Waze responds to security concerns about flaw that can help hackers track users

Waze responds to security concerns about flaw that can help hackers track users

In a blog post published on Thursday, Google-owned driving assistance app Waze has responded to the security concerns recently raised by a research which shows that a flaw in the app can potentially give hackers the ability to track the whereabouts of the app's users.

The research highlighting the vulnerability in Waze has been carried out by researchers at University of California Santa Barbara; and has been documented in a Fusion report released this week. For the research, the researchers created hundreds of fake driver profiles, to keep tabs on a particular real profile and track its location more or less in real time.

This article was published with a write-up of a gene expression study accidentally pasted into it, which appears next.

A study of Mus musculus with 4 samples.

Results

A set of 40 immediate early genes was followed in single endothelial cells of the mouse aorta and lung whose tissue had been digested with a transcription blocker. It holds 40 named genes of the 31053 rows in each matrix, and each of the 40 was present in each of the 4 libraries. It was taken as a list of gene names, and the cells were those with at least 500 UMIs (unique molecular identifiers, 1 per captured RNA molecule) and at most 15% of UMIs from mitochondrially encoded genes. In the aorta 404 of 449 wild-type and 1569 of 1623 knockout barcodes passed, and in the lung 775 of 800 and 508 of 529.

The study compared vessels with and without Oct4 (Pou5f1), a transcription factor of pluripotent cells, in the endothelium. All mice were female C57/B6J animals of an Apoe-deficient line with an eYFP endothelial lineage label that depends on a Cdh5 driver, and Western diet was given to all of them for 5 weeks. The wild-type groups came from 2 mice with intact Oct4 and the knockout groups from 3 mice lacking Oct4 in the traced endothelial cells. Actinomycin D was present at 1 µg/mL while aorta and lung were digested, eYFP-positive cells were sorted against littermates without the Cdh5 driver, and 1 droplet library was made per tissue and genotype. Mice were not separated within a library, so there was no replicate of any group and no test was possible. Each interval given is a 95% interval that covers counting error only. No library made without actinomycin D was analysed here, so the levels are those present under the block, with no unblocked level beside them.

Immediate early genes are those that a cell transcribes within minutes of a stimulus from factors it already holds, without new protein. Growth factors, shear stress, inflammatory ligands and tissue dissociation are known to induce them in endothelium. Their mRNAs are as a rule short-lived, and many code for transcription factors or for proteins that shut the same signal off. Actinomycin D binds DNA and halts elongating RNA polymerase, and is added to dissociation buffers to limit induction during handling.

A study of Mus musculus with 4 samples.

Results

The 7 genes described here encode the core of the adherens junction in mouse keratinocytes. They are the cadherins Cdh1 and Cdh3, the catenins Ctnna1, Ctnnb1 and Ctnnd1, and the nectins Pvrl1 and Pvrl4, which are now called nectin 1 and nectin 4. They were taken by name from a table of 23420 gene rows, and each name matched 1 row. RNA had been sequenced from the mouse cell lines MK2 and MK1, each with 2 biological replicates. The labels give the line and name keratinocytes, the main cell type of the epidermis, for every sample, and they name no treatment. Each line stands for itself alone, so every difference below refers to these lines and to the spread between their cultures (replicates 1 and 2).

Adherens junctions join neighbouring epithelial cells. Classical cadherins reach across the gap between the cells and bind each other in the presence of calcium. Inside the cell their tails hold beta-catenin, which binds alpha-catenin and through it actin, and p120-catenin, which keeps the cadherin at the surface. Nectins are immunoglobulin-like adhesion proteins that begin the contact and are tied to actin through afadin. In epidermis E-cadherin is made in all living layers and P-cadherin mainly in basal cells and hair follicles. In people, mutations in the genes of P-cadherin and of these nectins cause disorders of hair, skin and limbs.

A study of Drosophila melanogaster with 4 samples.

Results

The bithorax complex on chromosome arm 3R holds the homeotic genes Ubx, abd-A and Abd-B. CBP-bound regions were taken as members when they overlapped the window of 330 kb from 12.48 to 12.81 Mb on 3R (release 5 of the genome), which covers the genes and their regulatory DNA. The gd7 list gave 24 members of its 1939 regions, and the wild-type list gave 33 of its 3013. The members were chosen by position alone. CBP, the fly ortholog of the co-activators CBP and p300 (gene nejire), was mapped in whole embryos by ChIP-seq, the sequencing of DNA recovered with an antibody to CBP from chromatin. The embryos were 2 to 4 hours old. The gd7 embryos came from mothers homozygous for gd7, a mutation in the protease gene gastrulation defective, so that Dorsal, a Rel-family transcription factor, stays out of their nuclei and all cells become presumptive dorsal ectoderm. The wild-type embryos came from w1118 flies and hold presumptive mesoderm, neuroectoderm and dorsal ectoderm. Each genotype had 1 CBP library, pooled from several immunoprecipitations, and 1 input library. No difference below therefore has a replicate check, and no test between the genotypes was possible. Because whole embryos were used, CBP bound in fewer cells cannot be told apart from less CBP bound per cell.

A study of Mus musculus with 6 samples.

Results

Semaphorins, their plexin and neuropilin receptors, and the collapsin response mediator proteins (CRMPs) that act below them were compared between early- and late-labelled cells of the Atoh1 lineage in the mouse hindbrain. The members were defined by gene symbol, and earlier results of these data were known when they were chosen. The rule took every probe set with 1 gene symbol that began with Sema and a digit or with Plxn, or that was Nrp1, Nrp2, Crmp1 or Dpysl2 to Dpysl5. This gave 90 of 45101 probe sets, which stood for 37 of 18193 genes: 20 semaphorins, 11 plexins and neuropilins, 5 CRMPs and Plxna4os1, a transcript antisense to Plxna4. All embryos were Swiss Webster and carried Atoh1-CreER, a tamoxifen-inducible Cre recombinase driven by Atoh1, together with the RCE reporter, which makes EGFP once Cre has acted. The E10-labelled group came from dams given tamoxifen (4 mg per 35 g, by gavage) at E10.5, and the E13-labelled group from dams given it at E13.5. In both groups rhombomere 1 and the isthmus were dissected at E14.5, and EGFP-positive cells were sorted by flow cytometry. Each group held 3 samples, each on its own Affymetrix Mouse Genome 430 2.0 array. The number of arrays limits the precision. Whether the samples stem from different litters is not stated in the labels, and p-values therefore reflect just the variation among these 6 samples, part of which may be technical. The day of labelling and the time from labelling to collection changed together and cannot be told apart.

According to the researchers, the exploit which can allow hackers to track Waze users leverages the driving assistance app's feature which gives users an idea about other nearby users, and shows that the data seen by them is 'live' data. The in-question Waze feature also gives options to users in case they need help.

In the wake of the security concerns raised by the research, Waze said in the blog post that the vulnerability, though legit, is not as dire as it has been made out to be. In the blog post, Waze has essentially tried to address what it calls "severe misconceptions" about the research.

Nonetheless, appreciating the researchers for reporting the vulnerability, Waze said that it has "implemented safeguards in the past 24 hours to address the vulnerability and prevent ghost riders from affecting system behavior and performing similar tracking activities."